Pandora's first set of traditional radio ratings show that the popular streaming music service is doing strong numbers in the Top 10 markets, particularly among listeners 18 to 34 years old, Crain's New York Business reported.
In New York, Pandora garnered a 0.7 average quarterly hour rating among that younger demographic, beating out terrestrial stations Z100 and Hot 97, according to an analysis by the industry website Radio and Internet Newsletter. In New York it had a 0.5 rating among 18 to 49 year olds.
The company released the numbers in an effort to attract more advertising dollars from traditional radio media buyers.
"Radio is radio," Pandora's founder and chief strategy officer, Tim Westergren, said in a statement. "Pandora is simply a smart buy for local advertisers as well as national ones."
The rating represents a percentage of the target audience that listened to Pandora for at least five minutes within a quarter-hour period between 6 a.m. to midnight. The numbers were calculated by Edison Research from data provided by Pandora. Edison's analysis excludes Pandora One subscribers who are not served any ads.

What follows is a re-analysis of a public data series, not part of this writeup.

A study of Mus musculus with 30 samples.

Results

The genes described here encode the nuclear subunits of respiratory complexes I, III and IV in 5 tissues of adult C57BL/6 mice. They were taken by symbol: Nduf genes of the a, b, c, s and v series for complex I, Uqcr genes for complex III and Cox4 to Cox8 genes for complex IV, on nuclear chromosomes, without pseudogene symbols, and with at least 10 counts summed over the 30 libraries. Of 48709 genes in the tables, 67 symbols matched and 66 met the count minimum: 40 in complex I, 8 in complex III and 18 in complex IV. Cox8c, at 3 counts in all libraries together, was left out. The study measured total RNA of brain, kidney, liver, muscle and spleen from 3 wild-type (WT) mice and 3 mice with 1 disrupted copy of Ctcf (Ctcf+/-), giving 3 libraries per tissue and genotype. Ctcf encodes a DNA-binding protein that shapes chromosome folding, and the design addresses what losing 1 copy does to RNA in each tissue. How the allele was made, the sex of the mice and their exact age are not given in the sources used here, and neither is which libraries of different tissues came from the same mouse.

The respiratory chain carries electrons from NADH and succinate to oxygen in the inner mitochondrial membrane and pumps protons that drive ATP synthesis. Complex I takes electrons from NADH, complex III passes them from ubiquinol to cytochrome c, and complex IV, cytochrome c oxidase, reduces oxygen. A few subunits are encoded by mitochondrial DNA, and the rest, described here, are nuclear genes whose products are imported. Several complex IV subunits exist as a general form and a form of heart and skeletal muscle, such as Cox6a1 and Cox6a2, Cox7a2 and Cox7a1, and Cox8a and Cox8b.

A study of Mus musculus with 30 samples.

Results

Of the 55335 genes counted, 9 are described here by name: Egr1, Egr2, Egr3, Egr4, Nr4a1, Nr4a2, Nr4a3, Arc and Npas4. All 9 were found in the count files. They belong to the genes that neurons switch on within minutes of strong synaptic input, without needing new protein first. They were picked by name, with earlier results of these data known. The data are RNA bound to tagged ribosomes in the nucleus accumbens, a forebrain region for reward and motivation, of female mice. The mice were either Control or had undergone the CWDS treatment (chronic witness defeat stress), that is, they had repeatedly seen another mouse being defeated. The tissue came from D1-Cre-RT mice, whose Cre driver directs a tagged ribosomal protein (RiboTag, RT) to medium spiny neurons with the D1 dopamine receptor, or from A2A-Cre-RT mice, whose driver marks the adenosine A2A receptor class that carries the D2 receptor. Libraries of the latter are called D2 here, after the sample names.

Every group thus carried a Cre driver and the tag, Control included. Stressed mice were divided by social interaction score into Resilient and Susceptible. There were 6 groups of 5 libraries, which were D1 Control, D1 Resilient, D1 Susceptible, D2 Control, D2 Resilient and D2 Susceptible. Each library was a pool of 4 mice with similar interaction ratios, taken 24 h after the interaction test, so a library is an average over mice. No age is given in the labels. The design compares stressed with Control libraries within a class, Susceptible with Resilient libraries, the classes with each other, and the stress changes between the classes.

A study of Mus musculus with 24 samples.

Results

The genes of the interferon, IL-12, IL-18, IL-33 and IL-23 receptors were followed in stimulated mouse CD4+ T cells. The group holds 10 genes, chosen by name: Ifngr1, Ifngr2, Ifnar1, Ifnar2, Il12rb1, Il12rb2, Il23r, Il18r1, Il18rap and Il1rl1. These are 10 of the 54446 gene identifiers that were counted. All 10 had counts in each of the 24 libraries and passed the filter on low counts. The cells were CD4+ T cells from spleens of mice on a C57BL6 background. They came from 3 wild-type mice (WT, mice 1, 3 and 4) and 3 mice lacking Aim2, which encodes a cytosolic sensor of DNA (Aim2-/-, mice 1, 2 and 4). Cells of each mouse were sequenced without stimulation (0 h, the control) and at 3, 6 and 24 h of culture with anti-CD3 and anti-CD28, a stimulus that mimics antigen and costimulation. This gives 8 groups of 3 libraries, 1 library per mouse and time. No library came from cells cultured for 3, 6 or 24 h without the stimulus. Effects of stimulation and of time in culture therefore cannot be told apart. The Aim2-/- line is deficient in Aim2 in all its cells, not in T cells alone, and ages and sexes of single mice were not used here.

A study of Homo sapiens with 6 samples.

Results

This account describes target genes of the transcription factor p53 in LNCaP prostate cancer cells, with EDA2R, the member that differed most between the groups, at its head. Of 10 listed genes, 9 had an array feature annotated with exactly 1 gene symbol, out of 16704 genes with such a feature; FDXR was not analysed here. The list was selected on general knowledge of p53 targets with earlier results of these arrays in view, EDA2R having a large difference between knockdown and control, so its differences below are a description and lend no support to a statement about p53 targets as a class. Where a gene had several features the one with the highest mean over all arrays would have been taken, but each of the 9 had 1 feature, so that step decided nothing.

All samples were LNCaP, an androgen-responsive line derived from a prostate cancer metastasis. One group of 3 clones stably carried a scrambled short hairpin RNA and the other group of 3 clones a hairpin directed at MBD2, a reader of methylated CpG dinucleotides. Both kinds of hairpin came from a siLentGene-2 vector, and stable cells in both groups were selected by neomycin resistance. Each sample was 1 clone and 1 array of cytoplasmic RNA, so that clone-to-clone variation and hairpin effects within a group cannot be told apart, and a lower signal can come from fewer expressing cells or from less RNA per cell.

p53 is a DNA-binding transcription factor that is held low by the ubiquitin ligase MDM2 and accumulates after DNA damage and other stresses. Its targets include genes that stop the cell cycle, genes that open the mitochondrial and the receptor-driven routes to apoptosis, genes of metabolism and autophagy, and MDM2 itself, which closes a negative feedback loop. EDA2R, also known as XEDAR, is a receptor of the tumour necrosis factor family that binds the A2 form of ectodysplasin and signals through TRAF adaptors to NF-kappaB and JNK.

The ratings were even higher in Los Angeles, San Francisco, Chicago and Washington, where Pandora garnered a 0.9 rating in the younger demo.
The strong numbers don't necessarily mean that advertisers will start pouring money into Pandora. The service, which is a kind of personalized, streaming juke box, has no disc jockeys or on-air personalities, which are considered key to building trust with audiences.
"Terrestrial radio engages with listeners in a unique way that Pandora cannot," said Deborah O' Rell, president of media buying agency Urban Communications. "But those numbers are [good] enough to be considered."